How to use a PlayStation 4 controller with Windows
While Valve just added native support for the DualShock 4 to Steam, not every game supports it, and what about games you bought elsewhere? Here's a quick and painless way to use your DualShock 4 as an Xbox 360 controller on Windows 7, 8, 8.1 or 10.
The days of struggling with buggy tools like MotionJoy are over, thanks to DS4Windows. The software allows you to connect your PS4 controller over USB or Bluetooth, and have it emulate the Xbox 360 controller, which is far more widely supported.
If your machine doesn't have a Bluetooth adapter, the DS4Windows team recommend this US$16 Medialink adapter available on Amazon.
Installation couldn't be much simpler: grab the latest DS4Windows.zip from Github, unzip the archive, run DS4Windows.exe and follow the prompts:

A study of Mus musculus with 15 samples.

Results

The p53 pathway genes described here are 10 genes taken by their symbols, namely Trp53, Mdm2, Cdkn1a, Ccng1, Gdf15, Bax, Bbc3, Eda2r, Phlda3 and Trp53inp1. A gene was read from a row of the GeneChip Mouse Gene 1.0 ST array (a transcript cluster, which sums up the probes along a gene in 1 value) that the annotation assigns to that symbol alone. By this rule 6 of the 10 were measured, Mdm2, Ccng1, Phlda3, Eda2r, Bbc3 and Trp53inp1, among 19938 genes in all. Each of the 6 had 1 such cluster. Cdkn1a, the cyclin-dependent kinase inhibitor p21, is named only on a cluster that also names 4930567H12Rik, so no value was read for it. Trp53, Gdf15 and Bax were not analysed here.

That's it – you're up and running.
The touchpad on the front of the controller now doubles as a mouse, much nicer to use than those found in Logitech and Microsoft all-in-one keyboards and handy for those of you looking for a setup compatible with your living room couch.
Power users can also find some advanced features like controller profiles, which can load automatically when you launch a particular game, and macros.
Note: if you're connected with a micro USB cable, and having problems with the controller disconnecting intermittently, try using a different cable – we had problems with one we dug out of a drawer, which were solved by swapping it with the cable that came with an Xbox Elite controller.